This can be used negatively, to have a very obvious intentional flaw to discover as a distraction from a real problem.

This can also be used positively. Its like how you always let rescue dogs 'find' a victim when searching a disaster area. It can also be used to verify that a QA process is actually catching flaws.

What is the term I am looking for?


Questions on Programmers Stack Exchange are expected to relate to software development within the scope defined by the community. Consider editing the question or leaving comments for improvement if you believe the question can be reworded to fit within the scope. Read more about reopening questions here.If this question can be reworded to fit the rules in the help center, please edit the question.

obDilbert: – Dan Neely Oct 9 '12 at 19:17
I'd like to challenge the close votes. This is an answerable, not-subjective question. It deals with several points from the FAQ: "quality assurance", "developer testing", and "freelancing and business concerns". – Freiheit Oct 15 '12 at 14:42
up vote 45 down vote accepted

A Duck


A feature added for no other reason than to draw management attention and be removed, thus avoiding unnecessary changes in other aspects of the product.


Actually in manufacturing (and quality assurance) there is something called a Red Rabbit Test (aka Red Herring) that refers to putting a known bad part into the machine or process and making sure it's detected.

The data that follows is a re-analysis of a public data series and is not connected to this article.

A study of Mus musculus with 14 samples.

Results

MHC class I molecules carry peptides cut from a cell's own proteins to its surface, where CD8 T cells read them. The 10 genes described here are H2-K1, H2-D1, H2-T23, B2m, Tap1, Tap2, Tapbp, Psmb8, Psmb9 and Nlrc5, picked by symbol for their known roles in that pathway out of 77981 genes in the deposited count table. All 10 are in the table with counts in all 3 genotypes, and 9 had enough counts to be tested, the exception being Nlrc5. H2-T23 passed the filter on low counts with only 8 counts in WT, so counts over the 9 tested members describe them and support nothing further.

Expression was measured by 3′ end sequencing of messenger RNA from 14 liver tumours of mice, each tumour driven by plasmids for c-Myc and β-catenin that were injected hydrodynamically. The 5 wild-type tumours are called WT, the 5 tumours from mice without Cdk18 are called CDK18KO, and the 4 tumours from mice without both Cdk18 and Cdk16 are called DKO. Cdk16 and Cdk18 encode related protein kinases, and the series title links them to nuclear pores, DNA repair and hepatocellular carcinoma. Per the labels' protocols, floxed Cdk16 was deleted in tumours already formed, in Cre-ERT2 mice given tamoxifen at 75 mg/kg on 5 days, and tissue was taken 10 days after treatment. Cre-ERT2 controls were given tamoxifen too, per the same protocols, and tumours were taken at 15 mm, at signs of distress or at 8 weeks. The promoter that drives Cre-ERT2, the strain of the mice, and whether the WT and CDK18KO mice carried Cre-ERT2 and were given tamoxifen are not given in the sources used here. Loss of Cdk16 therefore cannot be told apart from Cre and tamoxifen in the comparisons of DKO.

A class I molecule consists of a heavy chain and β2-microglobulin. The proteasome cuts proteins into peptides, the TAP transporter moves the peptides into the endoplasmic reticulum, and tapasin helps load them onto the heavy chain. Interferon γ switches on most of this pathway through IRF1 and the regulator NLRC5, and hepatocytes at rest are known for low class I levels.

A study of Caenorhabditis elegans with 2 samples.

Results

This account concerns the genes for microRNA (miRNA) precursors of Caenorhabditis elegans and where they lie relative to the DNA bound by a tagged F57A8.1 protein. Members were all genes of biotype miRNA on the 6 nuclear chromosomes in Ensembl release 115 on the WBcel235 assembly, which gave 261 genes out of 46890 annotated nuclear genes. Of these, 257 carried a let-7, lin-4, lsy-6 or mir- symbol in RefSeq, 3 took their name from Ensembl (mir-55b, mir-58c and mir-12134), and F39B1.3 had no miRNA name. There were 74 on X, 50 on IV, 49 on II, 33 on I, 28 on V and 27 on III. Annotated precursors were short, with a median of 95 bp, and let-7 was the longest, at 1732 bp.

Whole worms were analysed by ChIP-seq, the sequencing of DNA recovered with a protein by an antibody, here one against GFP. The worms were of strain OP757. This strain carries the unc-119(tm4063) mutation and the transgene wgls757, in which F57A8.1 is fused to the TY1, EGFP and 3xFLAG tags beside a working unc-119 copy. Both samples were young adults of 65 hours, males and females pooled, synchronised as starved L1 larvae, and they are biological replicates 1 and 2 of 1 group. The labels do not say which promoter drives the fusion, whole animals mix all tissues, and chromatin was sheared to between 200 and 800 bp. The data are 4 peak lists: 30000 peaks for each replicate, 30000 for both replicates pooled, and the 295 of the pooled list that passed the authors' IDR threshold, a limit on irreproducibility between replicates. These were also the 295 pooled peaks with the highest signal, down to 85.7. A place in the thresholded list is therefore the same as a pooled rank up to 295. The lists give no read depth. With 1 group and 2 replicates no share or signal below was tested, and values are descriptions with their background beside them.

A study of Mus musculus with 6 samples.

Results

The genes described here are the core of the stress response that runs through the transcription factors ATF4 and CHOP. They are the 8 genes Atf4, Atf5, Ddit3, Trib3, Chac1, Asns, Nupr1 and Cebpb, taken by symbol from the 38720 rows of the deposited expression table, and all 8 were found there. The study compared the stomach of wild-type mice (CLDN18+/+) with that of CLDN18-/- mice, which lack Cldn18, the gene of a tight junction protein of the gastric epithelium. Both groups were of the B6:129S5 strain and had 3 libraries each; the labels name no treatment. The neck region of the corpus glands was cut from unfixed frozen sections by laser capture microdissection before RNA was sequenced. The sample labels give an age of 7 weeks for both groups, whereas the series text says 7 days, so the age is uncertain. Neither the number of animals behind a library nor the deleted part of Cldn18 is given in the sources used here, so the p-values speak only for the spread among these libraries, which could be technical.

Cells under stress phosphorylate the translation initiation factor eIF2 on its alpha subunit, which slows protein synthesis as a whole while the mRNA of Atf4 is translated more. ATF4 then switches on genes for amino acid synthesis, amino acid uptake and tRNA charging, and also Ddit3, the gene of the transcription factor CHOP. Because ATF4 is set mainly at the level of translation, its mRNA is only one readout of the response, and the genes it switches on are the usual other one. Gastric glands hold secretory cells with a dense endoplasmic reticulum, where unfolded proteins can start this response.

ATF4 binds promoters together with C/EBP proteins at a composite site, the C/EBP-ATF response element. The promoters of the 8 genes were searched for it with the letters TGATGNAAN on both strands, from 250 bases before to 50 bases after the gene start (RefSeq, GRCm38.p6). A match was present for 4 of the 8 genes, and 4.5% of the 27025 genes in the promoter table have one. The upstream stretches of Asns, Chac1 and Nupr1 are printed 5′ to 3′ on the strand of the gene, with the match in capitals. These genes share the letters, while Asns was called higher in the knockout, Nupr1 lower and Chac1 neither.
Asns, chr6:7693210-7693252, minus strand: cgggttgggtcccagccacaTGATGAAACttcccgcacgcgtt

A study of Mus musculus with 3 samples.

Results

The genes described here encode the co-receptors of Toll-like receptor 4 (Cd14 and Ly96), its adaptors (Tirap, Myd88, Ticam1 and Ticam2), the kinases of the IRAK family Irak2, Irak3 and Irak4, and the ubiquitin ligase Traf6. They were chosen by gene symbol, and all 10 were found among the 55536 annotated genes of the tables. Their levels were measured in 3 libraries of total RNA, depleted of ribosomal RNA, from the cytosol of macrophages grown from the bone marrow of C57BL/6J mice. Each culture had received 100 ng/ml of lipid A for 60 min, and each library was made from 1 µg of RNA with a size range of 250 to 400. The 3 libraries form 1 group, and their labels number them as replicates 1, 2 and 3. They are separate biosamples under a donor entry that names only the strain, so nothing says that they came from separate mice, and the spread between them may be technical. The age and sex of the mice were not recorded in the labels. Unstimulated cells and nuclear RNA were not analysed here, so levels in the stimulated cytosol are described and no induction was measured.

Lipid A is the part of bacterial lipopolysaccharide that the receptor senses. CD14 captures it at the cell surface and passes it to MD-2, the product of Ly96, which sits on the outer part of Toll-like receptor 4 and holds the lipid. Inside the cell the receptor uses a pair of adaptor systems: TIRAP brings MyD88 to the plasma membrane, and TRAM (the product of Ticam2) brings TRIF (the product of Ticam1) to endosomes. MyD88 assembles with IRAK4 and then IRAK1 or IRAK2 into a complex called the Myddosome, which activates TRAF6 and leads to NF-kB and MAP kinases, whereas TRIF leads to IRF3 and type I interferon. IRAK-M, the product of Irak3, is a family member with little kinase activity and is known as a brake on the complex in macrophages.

Red Rabbit Test

used to check how long it takes to identify a defect. In this test, a red part is added to the mix and the time until it is discovered is identified.

Some automated machines have automatic cycles (typically once per shift) where it prompts the operator to load the "red rabbit" part and then it runs the cycle checking that the error detection and rejection logic work correctly.


Seems like my professors called it bebugging or fault seeding. The idea is that if you wanted to estimate the population of something like fish in a lake, you could catch some, tag and release them, give them time to assimilate randomly with the other fish, then estimate the population based on how many tagged fish you catch later.

This search link finds a page in a book by the late great Watts Humphrey where he talks about this technique.